Universities Receive Record Number Of Applications

Compiled By CityTownInfo.com Staff
January 19, 2010

university applicationInstitutions of higher learning throughout the country are reporting seeing a significant number of applications this year.

Despite substantial increases in student fees, the University of California saw a record number of community college transfer applications for the fall of 2010. The Sacramento Bee reports that 134,029 students applied to UC, reflecting a 17.5 percent increase in transfer applications.

"The growth really occurred at the transfer level, and it is significant," noted Susan Wilbur, UC's director of undergraduate admissions, who was quoted by the Bee. "We're very pleased about that because we know beginning your higher education at a community college is a cost-effective way to obtain a baccalaureate degree. It's good for the students and the state."

At the University of Chicago, applications increased by a staggering 42 percent over last year to 19,306 applications, reports the Chicago Sun-Times. University officials credited the growth to broadening academic programs and enhanced student life opportunities.

At Princeton University, which has a reputation for providing superior financial aid to its students, a record 26,166 applications were received. The number reflected a 19 percent increase over last year's record of 21,963 applications. Over the past six years, applications to the university have increased by 91 percent.

"We are delighted with this increase, especially with the economic challenges families are facing," said Janet Rapelye, the school's dean of admission, who was quoted in a story on Princeton's Web site. "It appears our financial aid message of affordability is reaching more students than in the past."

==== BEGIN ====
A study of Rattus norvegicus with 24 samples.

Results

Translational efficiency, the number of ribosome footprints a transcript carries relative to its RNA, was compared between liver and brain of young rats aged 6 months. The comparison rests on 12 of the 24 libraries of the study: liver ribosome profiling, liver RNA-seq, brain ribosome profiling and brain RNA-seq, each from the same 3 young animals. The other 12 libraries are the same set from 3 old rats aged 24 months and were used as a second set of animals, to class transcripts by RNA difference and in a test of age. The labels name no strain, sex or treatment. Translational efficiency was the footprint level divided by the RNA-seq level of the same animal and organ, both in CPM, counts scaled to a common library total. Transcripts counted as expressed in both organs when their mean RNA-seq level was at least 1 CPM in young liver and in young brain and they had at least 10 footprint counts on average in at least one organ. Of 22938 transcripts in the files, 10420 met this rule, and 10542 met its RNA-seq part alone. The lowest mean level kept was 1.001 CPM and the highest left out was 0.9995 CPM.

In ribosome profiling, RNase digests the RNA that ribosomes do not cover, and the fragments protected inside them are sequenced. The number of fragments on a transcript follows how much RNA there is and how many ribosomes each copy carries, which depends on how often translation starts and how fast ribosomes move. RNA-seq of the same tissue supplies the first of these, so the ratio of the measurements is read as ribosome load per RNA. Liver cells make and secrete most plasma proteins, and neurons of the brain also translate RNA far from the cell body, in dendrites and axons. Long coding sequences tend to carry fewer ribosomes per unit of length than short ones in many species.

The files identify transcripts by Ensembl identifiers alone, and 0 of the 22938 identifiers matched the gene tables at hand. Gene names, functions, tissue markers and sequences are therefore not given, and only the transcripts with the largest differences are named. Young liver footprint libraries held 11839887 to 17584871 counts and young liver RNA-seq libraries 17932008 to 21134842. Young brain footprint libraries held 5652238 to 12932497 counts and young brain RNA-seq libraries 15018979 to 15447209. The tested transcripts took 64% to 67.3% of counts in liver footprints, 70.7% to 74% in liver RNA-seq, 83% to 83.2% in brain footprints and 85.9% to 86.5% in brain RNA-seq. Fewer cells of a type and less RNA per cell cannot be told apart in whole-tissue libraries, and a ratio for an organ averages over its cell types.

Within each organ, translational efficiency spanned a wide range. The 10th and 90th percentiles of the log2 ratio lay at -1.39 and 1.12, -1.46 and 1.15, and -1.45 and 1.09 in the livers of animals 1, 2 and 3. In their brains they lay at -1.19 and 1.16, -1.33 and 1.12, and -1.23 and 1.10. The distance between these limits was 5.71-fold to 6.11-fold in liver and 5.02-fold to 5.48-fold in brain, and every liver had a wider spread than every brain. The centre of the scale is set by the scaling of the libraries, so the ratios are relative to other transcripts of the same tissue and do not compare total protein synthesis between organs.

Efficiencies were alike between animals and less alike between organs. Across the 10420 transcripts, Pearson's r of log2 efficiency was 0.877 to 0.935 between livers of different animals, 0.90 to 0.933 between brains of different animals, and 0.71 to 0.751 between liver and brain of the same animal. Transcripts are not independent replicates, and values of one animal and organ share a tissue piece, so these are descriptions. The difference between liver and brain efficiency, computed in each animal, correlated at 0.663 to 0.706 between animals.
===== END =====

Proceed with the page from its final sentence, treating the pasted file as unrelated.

Similarly, the Baltimore Sun reports that Loyola College, Johns Hopkins University and the University of Maryland-Baltimore County have all seen significant increases in the number of applications received: At UMBC, applications rose 27 percent. At Loyola, applications were up 30 percent over last year. Even at Hopkins--where student fees are $55,000 a year--binding early applications rose 10 percent to a record 1,155 and regular applications are currently 13 percent higher than last year.

John Latting, director of undergraduate admissions at Hopkins, noted that despite the difficult economic times, families are obviously aware of the importance of a solid education.

"It's a tough labor market it which you have to compete hard, and that makes us and places like us more attractive," Latting told the Sun. "You compete based on what you know and what you can do, so the places that are known for delivering those tools are in good shape."